By Zsarlene B. Chua, Senior Reporter
IT’S no secret that global tourism is one of the industries that has borne the brunt of the current COVID-19 (coronavirus disease 2019) pandemic, with health and safety protocols and blanket quarantines lassoing in the once growing industry.
The grim reality is that according to the World Travel and Tourism Council (WTTC) — a global forum of business communities across the globe that works with governments to raise awareness about the importance of travel and tourism — over 142 million travel and tourism jobs have been lost, and the $3.6 trillion in global travel and tourism gross domestic product (GDP) has gone down the drain. And the world stands to lose more if the situation does not improve by the end of the year, said Tiffany Misrahi, vice-president for policy at the WTTC, during the recently held virtual BusinessWorld Economic Forum.
Grim outlook notwithstanding, Ms. Misrahi noted that the current situation allows the industry to “build back stronger and more resilient than before,” by coordinating public and private approaches which include continued government support for the sector and the need to enhance “existing safe and seamless traveller journey experience.”
“We continue to see the Asia Pacific Region and China to have very strong policies that are enabling speedy recovery but ultimately it will require a coordinated approach and the reality is no one country can do it on its own,” she said.
As the world tries to restart and recover from a pandemic, which has sickened more than 62 million people as of this writing, an expert said that the focus should be on encouraging travellers to come back through promotions rather than giving businesses more loans to keep their businesses afloat.
“I would still go for a million [pesos] of business than a million [pesos] of loans because if you fund tourism establishments and they have no customers, the money will be a sum cost, but if you fund tourists, that will not be their last purchase in that establishment,” Alexander Cabrera, chairman and senior partner at PriceWaterhouseCoopers Philippines, said in the same forum.
He explained that similar strategies are in place in Taiwan and Japan where tourists pay for vouchers which they can use in tourism establishments as a way to revitalize the industry.
Mr. Cabrera also suggested the use of seaplanes for tourists to around several Philippine islands.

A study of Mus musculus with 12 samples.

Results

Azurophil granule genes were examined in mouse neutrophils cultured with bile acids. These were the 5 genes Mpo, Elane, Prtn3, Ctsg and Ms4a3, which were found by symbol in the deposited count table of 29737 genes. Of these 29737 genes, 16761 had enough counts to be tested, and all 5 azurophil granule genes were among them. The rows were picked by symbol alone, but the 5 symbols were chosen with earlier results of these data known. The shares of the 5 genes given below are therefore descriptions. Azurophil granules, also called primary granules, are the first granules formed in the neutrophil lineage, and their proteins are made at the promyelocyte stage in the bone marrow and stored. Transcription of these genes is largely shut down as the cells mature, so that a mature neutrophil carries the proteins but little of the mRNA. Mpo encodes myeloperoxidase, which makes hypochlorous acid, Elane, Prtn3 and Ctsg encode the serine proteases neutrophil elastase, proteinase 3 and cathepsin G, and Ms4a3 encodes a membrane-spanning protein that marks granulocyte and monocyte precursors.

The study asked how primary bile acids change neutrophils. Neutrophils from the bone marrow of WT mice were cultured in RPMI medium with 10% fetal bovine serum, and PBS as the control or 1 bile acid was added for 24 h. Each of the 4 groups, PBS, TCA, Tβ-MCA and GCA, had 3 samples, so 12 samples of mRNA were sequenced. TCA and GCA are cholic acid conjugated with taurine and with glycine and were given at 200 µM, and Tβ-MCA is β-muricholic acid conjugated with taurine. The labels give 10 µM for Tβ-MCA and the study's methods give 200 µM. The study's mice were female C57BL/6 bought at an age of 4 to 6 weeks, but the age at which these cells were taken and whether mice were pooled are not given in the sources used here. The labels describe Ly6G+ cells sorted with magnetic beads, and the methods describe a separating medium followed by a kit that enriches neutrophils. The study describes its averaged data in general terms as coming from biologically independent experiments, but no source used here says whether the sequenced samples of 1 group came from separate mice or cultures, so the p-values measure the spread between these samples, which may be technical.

“Seaplanes provide tourists the ability to go around quickly and even cheaply because you can do all these things… these are some things that can be maximized,” he said, before adding that the Philippines’ more than 7,000 islands is a main differentiator of the country, as having more islands to tour (preferably using seaplanes) can make tourists stay longer in the country.
“The real way to promote the Philippines is to emphasize our natural assets, and there’s so many of them outside the well-known destinations and that can certainly increase the number of days they stay in the Philippines,” Mr. Cabrera said.
Current demand for travel is going towards “nature destinations” and “off-the-beaten paths,” according to Ms. Misrahi, something the country may stand a chance to capitalize on.
On air travel, AirAsia Philippines CEO Ricardo “Ricky” Isla said that “pricing is going to support air travel as far as opening more destinations in the domestic front.”
This is why AirAsia recently held several promotions, including a Manila to Cebu flight for P1,800 to P2,000 and a P4,999 Fly-All-You-Can pass for a year for domestic travel.
Mr. Isla is also confident that the holidays, especially in December, will “triple passenger capacity.”
“December is peak season and we know we need to open more price-driven promotions… Hopefully we’ll be able to sustain this momentum of the Christmas holidays to January next year,” he added.
Traveller confidence is also important as according to Ms. Misrahi, travellers “want to see a consistent and coherent approach in how issues are tackled and addressed,” a point Mr. Cabrera agreed with, as a point of concern with promoting the Philippines as a destination is the question of do travellers “feel safe going to the country and are there sufficient medical facilities to take care of them if they get sick?”
Whether the industry recovers next year is still up in the air but Mr. Cabrera said that there’s a need for Filipinos to keep smiling and not lose their spirit despite the pandemic because “the Filipino smile is actually a tourist attraction.”